It was only a matter of time; I have caught one of the many bugs going around the school where I teach, and after practically losing my voice yesterday, I decided I needed to take a sick day and try to get better. This decision was quickly followed by the realization that East of Eden was NOT what the doctor ordered. It's a great novel, but it's definitely not something to read when you're feeling crummy.
Luckily for me, however, Alan Bennett's The Uncommon Reader was waiting for me at the library. I had read about it on several blogs, and it turns out that it was the perfect book to read!
I read The Uncommon Reader in one night, and it was just lovely. It is always nice to recognize pieces of yourself in characters that you read about, and I think half the book will end up in my quotations notebook! It is a very gentle tale of how the Queen of England's life is turned upside down by a single visit to a travelling library. She wasn't much of a reader before, but she quickly falls in love with books, reading, and the new world that books open up for her. The people around her become more and more perplexed and exasperated, and when the Queen, inspired by all the wonderful things she has been reading, decides to try writing herself, very interesting and unexpected things happen!
Alan Bennett manages to poke fun at many people's preconceived notion of what books are for, how books should be read, and what is and isn't appropriate dinner conversation (i.e. books are not appropriate dinner conversation). As the Queen dives deeper and deeper into her lists of books, her staff and advisers, with the exception of the faithful Norman, become more and more perturbed by the changes that are taking place in "Ma'am." Many even consider that the Queen is probably sinking into senility (which presents a whole different problem than the book obsession since Alzheimer's is so singularly common), which is highly ironic given the fact that the Queen finds herself to be more mentally vivacious than she has been in a very long time. Bennett shows how powerful the reading experience can be and shows, as the Queen herself says, that reading is often a "tenderising" undertaking. The Queen herself changes not only her ideas and understanding of her surroundings because of what she reads; she starts to see and notice things in people that she never would have been aware of before.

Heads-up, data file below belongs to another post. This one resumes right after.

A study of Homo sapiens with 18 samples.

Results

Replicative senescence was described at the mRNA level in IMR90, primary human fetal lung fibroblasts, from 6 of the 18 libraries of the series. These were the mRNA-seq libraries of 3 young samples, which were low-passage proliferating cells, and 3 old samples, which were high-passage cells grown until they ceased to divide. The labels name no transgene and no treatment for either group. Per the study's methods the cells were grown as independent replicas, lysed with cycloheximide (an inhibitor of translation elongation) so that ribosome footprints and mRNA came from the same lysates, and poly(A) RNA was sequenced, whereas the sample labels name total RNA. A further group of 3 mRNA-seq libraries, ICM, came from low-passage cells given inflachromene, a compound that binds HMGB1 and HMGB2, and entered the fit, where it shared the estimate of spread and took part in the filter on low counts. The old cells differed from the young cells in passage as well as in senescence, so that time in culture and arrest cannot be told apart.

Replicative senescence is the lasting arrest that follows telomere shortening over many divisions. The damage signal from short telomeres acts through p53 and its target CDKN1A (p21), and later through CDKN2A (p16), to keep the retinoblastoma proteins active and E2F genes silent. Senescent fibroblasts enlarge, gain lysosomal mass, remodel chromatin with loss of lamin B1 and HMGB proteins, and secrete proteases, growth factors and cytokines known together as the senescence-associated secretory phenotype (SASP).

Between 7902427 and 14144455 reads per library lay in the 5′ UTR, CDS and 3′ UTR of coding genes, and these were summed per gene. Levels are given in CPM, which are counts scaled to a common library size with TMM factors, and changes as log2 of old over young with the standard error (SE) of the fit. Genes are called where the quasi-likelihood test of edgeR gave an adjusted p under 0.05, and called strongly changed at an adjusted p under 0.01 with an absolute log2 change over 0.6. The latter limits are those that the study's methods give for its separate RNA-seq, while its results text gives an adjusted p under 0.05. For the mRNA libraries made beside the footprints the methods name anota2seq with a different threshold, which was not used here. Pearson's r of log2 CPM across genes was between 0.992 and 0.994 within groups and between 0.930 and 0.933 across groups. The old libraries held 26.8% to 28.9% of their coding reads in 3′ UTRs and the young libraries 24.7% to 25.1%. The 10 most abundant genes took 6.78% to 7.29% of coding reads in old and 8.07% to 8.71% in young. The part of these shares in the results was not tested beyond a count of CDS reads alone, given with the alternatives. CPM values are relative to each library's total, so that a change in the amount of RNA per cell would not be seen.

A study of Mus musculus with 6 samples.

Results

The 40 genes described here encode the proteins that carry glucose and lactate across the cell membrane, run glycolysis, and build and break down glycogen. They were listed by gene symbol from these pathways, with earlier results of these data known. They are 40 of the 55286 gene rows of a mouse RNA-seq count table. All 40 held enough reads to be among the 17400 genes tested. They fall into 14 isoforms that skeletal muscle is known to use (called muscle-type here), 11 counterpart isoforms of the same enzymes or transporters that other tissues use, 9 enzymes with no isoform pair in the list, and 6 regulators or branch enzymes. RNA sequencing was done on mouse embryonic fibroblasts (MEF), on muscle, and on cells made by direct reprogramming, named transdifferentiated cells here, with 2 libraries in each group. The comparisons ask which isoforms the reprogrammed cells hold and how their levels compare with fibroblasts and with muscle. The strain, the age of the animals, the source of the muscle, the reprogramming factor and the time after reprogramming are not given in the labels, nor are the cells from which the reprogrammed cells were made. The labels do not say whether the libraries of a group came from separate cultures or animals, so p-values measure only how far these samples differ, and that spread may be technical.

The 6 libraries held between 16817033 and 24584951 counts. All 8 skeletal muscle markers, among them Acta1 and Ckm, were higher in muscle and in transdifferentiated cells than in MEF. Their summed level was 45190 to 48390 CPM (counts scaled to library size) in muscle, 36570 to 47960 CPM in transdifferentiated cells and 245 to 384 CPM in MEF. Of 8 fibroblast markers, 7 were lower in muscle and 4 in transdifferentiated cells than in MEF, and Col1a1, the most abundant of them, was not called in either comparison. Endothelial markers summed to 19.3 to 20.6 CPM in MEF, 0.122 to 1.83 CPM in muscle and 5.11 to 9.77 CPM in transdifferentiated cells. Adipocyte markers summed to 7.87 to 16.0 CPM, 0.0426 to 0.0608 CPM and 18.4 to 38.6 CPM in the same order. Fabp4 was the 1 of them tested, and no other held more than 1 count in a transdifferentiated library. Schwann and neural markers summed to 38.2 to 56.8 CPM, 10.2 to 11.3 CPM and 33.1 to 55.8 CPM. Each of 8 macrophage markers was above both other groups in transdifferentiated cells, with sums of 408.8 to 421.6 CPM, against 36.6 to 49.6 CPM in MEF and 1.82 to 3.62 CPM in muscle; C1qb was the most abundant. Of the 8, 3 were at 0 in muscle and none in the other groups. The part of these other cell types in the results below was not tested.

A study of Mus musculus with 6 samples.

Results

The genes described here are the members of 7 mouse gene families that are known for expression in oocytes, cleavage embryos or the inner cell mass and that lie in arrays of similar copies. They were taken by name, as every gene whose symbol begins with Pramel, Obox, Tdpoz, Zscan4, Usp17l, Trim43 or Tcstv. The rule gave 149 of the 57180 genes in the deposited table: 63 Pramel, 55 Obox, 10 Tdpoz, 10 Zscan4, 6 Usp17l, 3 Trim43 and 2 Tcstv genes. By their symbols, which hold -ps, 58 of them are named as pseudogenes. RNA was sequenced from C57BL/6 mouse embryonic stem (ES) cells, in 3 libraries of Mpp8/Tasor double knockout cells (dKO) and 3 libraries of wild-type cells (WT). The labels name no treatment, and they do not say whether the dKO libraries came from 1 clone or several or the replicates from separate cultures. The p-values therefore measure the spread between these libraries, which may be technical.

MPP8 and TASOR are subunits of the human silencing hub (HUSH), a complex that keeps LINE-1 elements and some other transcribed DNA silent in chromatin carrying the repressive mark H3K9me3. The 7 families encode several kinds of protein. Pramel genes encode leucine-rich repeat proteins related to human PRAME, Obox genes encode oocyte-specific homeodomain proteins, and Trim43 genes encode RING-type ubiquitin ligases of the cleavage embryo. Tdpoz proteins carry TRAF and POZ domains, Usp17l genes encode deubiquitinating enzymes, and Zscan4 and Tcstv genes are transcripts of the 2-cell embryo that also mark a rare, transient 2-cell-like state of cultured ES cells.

Part of what is so compelling about Bennett's story for me is the presence of another voracious, compulsive reader. I love that the Queen was willing to try anything, and her reading horizons were broadened immensely. I don't necessarily agree with her philosophy of always finishing a book once having started it, but I do think it is a wise reader (which the Queen very much is) who is willing to give an author a second chance because she knows that reading exercises the brain and makes it stronger. I also appreciate that the Queen realizes that reading should be an interactive experience; I believe that we get the most out of what we read if we respond to it and interact with it in some way both while we read and after we are done. Again, it is a wise reader who reads with a pen or pencil or highlighter in hand because she knows that there are treasures to be mined as she reads. The Uncommon Reader demonstrates that there is so much more to reading than entertainment; entertainment is all well and good, but reading and writing at their best can challenge us and make us think in ways that we wouldn't have otherwise and often can literally change our lives.
One thing I found myself wondering over and over as I read was what the real Queen's response was to this book. Was this book inspired by something particular? As an American, I will admit that I know very little about the ins and outs of the English monarchy, so I was left wondering about what Bennett was trying to achieve with the book. Was his purpose simply a gentle satire of people in general, or was he pointing out and satirizing something specific to the monarchy? Again, I very much felt my non-Englishness and the fact that I wasn't really in the know.
Part of the brilliance of Bennett's story, however, lies in the fact that you don't have to be English to appreciate the Queen's discovery of books. In fact, I would venture that the Queen is not an uncommon reader simply because she is the Queen; she is an uncommon reader because of what and how she reads. And that, my friends, is what makes The Uncommon Reader so appealing!